Spinning, barre and boot camp have competition.
Article originally Appeared on Oprah.com
By Emma Haak
What exercise craze is poised to be the new "it" workout? Rowing. Nearly twice as many rowing classes were held nationwide in the first two months of this year compared with 2015, according to data from Classpass.
My first thought: Someone must be looking around a gym, pointing at fitness equipment one piece at a time, saying, "Make a class with that." (We already have stationary-bike, treadmill and climbing-machine classes).
So rowing it is: When I get to New York's CityRow on a Monday morning for my 50-minute class, I have no idea what to expect. Do I need special shoes? Am I going to be surrounded by women who might as well be models? Is this another fitness trend that feels kind of, well, cult-y?
The machines are neatly lined up in the studio, with yoga mats next to each. There's just enough space to do a pushup on the mat without your elbows hitting the machines on either side. Every machine faces the instructor's rower; these probably aren't the kind of rowers you've seen before—they're sleek, with big, clear drums of water at the front. A Google search after class suggests that the water, which is creating the resistance you pull against, is supposed to provide a smoother feel than non-water rowers. Plus, there should be some water involved in a rowing class, right?
Top 40 music plays as people file in. Everyone's in pretty good shape, there are more men than you usually find in a boutique class, and the age range is wide—I'm on the younger end (I'm 28), and the oldest is a man in his 70s who seems like an experienced rower. About half of the crowd looks like they've been here before, walking right to their go-to machine, but the rest seem to be like me—people who want to try the hot new workout and aren't exactly sure what's about to happen. But we're all wearing sneakers, so at least I didn't miss the memo on special shoes.
As instructor and CityRow program director Annie Mulgrew leads us through the class (intervals on the rowers, plus exercises like planks, lunges, wall sits and so many pushups), I get my answer to that cult question: And it's a no. The vibe is fun and motivational, but there are no calls to connect with your inner goddess or row in unison. Annie doles out encouragement and form tips (plus jokes) throughout the class, but nothing that veers toward preachy or overwrought. It's my kind of class.
By the end, I'm exhausted, and with good reason. Rowing works around 85 percent of the muscles in your body, says Michele Olson, PhD, professor of exercise science at Auburn University, in Montgomery, Alabama, making it a more effective full-body workout than cardio or Spinning alone. "You're using everything between your shoulders and your feet—legs, glutes, arms and your whole torso," she explains. If you'd assumed (as I did) that most of the work had to be done by your arms, back and shoulders to pull the handles toward you during the rowing motion, the soreness in your abs and butt the next day will let you know you were very wrong.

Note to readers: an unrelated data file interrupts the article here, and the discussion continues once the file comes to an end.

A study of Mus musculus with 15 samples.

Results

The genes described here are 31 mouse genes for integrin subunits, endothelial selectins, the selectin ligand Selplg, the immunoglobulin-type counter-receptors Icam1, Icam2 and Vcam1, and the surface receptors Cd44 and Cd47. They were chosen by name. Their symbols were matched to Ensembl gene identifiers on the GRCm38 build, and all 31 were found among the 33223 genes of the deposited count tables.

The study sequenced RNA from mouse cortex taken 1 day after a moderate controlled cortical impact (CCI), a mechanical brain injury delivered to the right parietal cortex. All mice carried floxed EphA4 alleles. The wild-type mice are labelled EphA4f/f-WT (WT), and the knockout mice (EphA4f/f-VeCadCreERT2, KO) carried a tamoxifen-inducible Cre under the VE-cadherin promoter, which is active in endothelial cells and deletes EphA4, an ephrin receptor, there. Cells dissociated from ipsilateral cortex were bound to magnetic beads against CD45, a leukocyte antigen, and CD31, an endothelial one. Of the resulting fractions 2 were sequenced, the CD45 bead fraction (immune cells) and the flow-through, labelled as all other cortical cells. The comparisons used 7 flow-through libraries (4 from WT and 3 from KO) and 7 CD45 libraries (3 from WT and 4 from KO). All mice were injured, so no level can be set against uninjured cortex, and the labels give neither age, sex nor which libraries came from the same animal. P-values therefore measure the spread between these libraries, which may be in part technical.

Another tip: The thing most likely to trip you up is getting off the machine. Mulgrew once had a man in class who forgot to unstrap his feet before moving down onto the mat to stretch. "When he rolled off, the machine rolled with him and turned on top of him. His body was fine; his ego was bruised," she says. Getting my shoes out was the trickiest part for me too, and I saw a few other people in my class struggling to free themselves. But the actual rowing movement was simple. Just don't lean back farther than 10 o'clock as you're pulling the handlebar toward your chest, or further forward than 1 o'clock when you're in the starting position, says Olson, both of which could strain your lower back.
Because there's no pounding on knees or ankles, rowing is perfect for people who need a low-impact workout but are sick to death of Spin class and the same old neighborhood walking loops, says Olson, or those with injuries. The combination of hard work without wear and tear was energizing—I left the class wondering when I could fit another one into my schedule.
Luckily, most gyms have rowing machines, so if the trend hasn't spread to your city yet (or the classes, which range from about $25 to $32 per session across the country, are out of your budget), you can still take part. Mulgrew's advice for using rowers on your own: Do short, high-intensity intervals instead of one longer, moderately paced session. "Most people can't stay on the machine for more than 5 to 10 minutes at a stretch because their form starts to break down," says Mulgrew, who recommends starting with 30-second intervals. Between each interval, get off the machine and do 10 reps of a body-weight move like squats or pushups or 30 seconds of wall sits or planks. Then hop back on the machine and repeat 9 more times. Work toward building the intervals to 1 minute each.